Charted below are the market cap-weighted top ten largest S&P 500 companies, the plain Jane S&P 500, and the equal-weighted S&P 500, which reduces the weight of the top ten from over 30% to a mere 10ish%.
As you can see, these top ten largest companies, which include Apple, Amazon, Google, Meta Platforms, Microsoft, Nvidia, Berkshire Hathaway, Tesla, and Eli Lilly, have absolutely dominated the rest of the market year-to-date.
I wanted to use this week's post to discuss how these companies are hyper-efficient at producing growth and cash flows, much like few other companies before.
Starting with advertising, Microsoft, Google, Meta, and Amazon all have a role to play in it.
Newspapers used to be a goldmine. You would print words on a sheet of paper, deliver it to homes, and place advertisements throughout. Newspaper companies got paid by both the customers who ordered them and the businesses who advertised in them. All they had to do was get it to your door.
Small newspapers sometimes had 50-60% profit margins because of this.
Now, imagine you have no delivery or print services; all you do is sit back and watch it come in. That is Google. That is Meta. That is Amazon. And to some degree, that is Microsoft.
Every time you click around in the Google ecosystem, whether it's in Gmail, YouTube, or the standard browser, Google is showing you ads. The longer you stay, the more they make, at no cost to you.
Microsoft Bing is very similar.
Most of us probably have a Facebook, Instagram, WhatsApp, Threads, etc. account, and every time you use those services, you are being shown ads, sometimes to the extent that every three posts, an ad is served.
When you shop on Amazon, the top ten listings are usually ads, and when you click, Amazon makes money.
Even better, the longer you stay, the better they get at serving you ads, making you click more, and companies will pay extra to get their ads shown to people who may be interested in what they are selling.
It's software, low cost, easy to maintain, and not capital-intensive, all of which translates to very high profit margins, just like newspapers back in the day.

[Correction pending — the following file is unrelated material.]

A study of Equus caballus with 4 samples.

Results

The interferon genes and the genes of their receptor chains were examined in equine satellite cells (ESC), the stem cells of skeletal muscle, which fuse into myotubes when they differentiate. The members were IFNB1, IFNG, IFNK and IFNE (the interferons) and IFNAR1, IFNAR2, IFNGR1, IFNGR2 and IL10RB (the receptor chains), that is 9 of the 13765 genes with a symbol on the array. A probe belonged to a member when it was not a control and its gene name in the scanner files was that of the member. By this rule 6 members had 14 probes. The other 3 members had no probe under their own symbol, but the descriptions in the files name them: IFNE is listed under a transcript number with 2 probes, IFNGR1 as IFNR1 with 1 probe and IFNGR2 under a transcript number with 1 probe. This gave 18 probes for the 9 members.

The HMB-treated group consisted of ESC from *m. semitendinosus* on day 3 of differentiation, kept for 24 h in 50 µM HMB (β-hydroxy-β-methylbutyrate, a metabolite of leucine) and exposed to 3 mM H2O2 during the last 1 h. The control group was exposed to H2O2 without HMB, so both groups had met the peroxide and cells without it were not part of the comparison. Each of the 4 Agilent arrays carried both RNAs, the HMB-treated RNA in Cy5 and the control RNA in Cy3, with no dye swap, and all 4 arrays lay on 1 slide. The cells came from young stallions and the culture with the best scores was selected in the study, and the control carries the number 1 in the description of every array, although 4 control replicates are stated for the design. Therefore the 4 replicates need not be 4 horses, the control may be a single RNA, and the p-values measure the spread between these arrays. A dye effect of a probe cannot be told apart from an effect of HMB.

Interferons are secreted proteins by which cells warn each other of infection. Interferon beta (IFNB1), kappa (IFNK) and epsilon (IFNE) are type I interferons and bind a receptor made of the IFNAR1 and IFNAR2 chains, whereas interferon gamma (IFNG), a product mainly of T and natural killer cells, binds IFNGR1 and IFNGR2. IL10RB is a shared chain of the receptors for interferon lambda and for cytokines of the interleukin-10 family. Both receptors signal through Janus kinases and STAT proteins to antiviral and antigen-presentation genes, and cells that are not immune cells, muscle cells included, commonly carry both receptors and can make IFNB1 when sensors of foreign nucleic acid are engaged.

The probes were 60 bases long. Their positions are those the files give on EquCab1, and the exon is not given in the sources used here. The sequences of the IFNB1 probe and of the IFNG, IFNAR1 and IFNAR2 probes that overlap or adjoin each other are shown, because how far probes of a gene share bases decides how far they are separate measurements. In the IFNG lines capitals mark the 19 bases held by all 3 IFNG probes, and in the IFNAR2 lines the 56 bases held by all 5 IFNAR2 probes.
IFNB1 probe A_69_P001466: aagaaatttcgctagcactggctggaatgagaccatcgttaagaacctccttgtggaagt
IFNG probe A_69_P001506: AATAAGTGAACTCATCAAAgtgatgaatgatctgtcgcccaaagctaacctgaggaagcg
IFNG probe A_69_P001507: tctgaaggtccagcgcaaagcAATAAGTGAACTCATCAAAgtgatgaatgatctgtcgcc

Then you have the hardware where these things are hosted: Apple, Microsoft, Nvidia, Google, and to some extent, Tesla and Meta.
Hardware is where the ads are shown. When you open the Facebook app on your phone and click on an ad, Apple makes 30% of that click, and Facebook gets the rest. The same applies to Gmail, YouTube, and I believe the Google app.
Warren Buffett famously said, "When given the choice between never owning an iPhone again to get $10,000 and being able to own an iPhone, most people would choose the latter." This would include myself; the trade-off just wouldn't be worth it.
Apple created one of the greatest personal computers ever. To the extent that Google pays Apple billions of dollars to be a default search engine option on Apple's Safari browser. All Apple has to do is exist and sell iPhones to rake in money.
Having a great product where all of the high-profit margin software can exist is incredibly valuable, something ordinary consumer products can't do.
Moving on to components, whenever you open Gmail, YouTube, Google, Netflix, Apple News, you are streaming information from a data center (the Cloud). Increasingly, those data centers are using Nvidia GPU processors and processing systems to operate. Now with AI, that is increasing exponentially.
And just so I touch on all the companies I listed for this product section, Tesla is increasingly becoming the Apple of cars. The software component of Tesla is very large, larger than ordinary car companies.
Microsoft's personal computing is fairly obvious with the number of computers created by Microsoft, but also because of the software package that comes with them, Office.
Meta is competing with Apple on spatial computing, which I believe can be an incredible opportunity.
And Google owns the Android ecosystem.
Owning the hardware is incredibly valuable.
Owning the software is also incredibly valuable.
Owning both is obviously better, which many do too.
So you can hopefully see just how efficient these companies are at existing together and efficient at producing cash flow.
Within Google, Meta, Amazon, it doesn't matter where you are; they are getting a cut.
And because they are getting a cut and exist on Apple's and Google's hardware platform, Apple and Google get a cut along with producing fantastic consumer products.
Because all of this takes incredible computing power, the companies that power the Cloud and the Digital Infrastructure of the world get a cut.
I titled this the year of efficiency because these companies have proven that they can exist and produce high margins and cash flows in zero-interest-rate environments and high-interest-rate environments, something that very few can predictably do.
It's also what Meta Platforms titled its year at the beginning of the year.
After all of this, is it really that shocking that these companies are worth as much as they are?